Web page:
Format 1: 132 x 202 cm / 52 x 79.5 in, edition of 6 + 2 AP
Format 2: 67 x 102 cm / 26.3 in x 40.2, edition of 6 + 2 AP
Hybrid photography, archival pigment print, aludibond, diasec, custom-made aluminium frame
For a long time the moon was thought to be as dry as dust. Now for the first time researchers have discovered direct evidence of water ice on the moon outside the permanent shadow of the lunar poles. The ice is spread over the entire surface of the bottoms of eternally dark craters. With the help of NASA’s SOFIA telescope and the Lunar Reconnaissance Orbiter (LRO), researchers specifically searched the lunar surface for places where sunlight never penetrates, most notably the numerous impact craters. They came up with a total surface area of 40,000 square kilometres of such cold traps where water ice could be preserved. Interestingly, the scientists found evidence of numerous water molecules particularly in the Clavius crater in the south of the moon. In Arthur C. Clark's famous novel 2001 - A Space Odyssey, filmed in 1968 by Stanley Kubrick, the iconic moon base is located in the Clavius crater. Clark's vision of a permanent human presence and infrastructure on the Earth's satellite, which also serves as a base for the exploration of our solar system, will now actually become reality. In the middle of this decade humans will set foot on the moon again, and with the help of the lunar orbital platform Gateway a permanently crewed research base will be established. The moon will be made habitable and its resources exploitable. Crucial for this project is the presence of frozen water on the lunar surface. Astronauts (or robots) could mine, melt and store this ice. The resultant water could then be split, using electricity, into liquid oxygen and hydrogen - an important oxidizer and fuel for rockets.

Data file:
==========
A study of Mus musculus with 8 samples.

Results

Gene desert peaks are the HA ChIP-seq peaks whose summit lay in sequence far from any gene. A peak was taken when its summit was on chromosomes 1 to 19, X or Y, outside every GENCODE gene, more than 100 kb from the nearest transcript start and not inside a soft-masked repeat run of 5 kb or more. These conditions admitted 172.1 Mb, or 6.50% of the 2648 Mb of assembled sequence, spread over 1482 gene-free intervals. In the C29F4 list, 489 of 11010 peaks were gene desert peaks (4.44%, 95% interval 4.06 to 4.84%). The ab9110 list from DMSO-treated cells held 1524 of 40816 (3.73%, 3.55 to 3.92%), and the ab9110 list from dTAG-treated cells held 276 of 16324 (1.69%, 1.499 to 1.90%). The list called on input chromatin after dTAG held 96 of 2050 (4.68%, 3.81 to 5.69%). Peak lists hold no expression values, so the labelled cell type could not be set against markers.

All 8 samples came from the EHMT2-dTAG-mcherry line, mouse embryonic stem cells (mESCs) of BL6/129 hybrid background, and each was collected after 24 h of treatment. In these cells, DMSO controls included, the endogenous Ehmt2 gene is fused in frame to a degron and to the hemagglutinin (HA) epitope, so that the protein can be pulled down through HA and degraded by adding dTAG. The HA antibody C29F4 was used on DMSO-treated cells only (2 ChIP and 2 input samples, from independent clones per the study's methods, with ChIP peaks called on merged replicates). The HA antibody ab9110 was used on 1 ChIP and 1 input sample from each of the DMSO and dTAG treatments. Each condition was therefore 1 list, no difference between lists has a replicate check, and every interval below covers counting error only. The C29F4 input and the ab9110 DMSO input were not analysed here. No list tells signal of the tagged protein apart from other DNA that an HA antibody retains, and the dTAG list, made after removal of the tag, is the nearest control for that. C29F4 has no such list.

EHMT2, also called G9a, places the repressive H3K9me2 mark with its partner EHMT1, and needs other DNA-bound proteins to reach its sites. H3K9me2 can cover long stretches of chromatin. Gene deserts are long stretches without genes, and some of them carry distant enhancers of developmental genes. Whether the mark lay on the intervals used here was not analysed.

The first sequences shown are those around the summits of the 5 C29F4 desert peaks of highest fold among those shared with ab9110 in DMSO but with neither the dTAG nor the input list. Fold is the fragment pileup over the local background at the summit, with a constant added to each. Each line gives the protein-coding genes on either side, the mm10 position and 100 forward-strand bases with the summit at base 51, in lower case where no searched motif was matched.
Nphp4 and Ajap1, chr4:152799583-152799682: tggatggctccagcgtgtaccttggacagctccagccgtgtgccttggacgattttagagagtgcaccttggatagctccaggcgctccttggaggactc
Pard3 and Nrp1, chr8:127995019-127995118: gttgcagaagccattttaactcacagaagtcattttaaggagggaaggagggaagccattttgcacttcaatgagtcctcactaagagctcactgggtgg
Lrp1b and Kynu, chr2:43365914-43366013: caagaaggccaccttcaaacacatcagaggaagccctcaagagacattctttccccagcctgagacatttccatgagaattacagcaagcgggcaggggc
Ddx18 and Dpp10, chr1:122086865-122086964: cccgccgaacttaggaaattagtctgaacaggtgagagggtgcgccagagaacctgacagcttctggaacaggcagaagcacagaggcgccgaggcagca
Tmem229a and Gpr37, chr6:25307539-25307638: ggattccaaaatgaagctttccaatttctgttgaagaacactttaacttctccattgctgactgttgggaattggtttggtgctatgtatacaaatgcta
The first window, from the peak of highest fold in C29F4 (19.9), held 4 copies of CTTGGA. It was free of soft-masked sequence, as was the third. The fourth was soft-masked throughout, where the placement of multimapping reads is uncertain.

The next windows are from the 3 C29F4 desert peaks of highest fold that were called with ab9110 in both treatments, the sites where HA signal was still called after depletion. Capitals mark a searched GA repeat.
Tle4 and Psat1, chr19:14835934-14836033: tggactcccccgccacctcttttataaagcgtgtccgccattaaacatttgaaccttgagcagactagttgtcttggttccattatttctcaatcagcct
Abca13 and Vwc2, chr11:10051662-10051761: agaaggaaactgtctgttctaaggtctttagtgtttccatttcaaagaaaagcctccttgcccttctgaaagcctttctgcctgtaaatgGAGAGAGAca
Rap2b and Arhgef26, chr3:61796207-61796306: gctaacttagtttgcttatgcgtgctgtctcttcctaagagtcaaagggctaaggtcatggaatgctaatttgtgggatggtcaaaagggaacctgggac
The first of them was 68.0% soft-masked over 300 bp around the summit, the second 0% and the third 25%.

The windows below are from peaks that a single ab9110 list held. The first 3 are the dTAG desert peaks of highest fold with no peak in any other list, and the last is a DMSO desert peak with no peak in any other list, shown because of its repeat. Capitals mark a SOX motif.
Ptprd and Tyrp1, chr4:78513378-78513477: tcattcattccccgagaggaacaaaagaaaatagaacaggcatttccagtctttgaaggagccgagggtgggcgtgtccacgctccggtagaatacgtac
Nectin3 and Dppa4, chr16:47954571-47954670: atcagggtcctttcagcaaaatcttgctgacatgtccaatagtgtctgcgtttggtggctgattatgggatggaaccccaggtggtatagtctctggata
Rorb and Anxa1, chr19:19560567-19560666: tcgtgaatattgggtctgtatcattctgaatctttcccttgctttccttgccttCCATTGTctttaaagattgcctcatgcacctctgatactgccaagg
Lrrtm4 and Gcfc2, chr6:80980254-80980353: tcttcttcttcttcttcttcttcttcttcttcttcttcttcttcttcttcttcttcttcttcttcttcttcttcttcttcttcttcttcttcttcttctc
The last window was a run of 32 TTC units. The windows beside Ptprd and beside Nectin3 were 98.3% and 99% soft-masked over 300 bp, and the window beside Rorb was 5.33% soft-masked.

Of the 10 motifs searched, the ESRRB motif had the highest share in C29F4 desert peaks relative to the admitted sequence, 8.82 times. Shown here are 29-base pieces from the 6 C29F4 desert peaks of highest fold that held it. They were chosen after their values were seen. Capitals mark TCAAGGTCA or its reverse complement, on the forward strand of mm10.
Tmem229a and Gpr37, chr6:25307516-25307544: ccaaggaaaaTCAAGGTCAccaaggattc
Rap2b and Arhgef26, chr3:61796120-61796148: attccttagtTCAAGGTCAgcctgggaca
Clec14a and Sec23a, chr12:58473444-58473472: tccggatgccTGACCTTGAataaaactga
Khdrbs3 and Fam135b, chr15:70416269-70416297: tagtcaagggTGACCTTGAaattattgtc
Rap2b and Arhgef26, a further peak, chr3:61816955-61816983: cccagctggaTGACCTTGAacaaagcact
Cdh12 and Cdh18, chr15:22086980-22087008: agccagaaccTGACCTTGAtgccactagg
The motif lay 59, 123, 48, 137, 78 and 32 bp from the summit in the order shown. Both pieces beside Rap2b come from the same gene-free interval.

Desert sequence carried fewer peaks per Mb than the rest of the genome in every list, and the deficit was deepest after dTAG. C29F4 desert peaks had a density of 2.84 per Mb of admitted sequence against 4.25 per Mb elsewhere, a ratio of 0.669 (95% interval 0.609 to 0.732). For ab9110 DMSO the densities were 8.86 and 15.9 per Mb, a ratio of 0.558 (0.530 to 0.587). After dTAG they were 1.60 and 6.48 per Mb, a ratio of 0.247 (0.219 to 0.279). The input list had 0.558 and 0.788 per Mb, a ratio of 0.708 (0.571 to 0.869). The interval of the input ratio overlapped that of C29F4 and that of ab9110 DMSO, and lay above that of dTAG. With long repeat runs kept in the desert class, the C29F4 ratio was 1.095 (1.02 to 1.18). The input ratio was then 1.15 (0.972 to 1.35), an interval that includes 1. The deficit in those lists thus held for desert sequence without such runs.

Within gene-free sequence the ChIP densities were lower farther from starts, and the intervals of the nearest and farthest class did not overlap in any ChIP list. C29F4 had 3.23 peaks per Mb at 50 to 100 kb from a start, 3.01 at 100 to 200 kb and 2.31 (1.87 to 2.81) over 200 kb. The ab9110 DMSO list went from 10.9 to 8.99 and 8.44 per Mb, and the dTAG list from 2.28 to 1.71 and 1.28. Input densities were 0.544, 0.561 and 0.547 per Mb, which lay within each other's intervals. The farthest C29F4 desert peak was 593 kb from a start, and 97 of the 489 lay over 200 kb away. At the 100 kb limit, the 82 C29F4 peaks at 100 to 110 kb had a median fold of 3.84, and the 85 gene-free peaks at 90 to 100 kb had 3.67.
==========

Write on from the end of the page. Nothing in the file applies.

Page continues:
The artwork "moon water" visualizes the discovery of water ice in the dark depths of lunar craters. The high-resolution Lunar Reconnaissance Orbiter Camera (LROC) photographed the more than 20,000 lunar craters, potential cold traps for water ice. The individual images were assembled into a crater mosaic. This mosaic was then collaged with the close-up of an ice wall from a terrestrial glacier. The palimpsest-like layering allows ice and crater elements to stand out to varying degrees. The tension of the work lies in the relationship between proximity and distance, the change of perspective between micro- and macrostructure. When viewed from a distance, all the picture elements are equally divided into a pixel-like grid structure that emphasizes the abstract composition of form and colour. However, as viewers approach the work, they catch sight of each of the more than 20,000 craters on the lunar surface and the fine structure of the water ice. Stanley Kubrick's Clavius base is incorporated in the centre of the composition. The image concept also reflects our relationship with the Earth's satellite. If in the last decades the moon appeared to us as a familiar but distant world in the night sky, we are now fast approaching the time of a permanent human presence on the moon.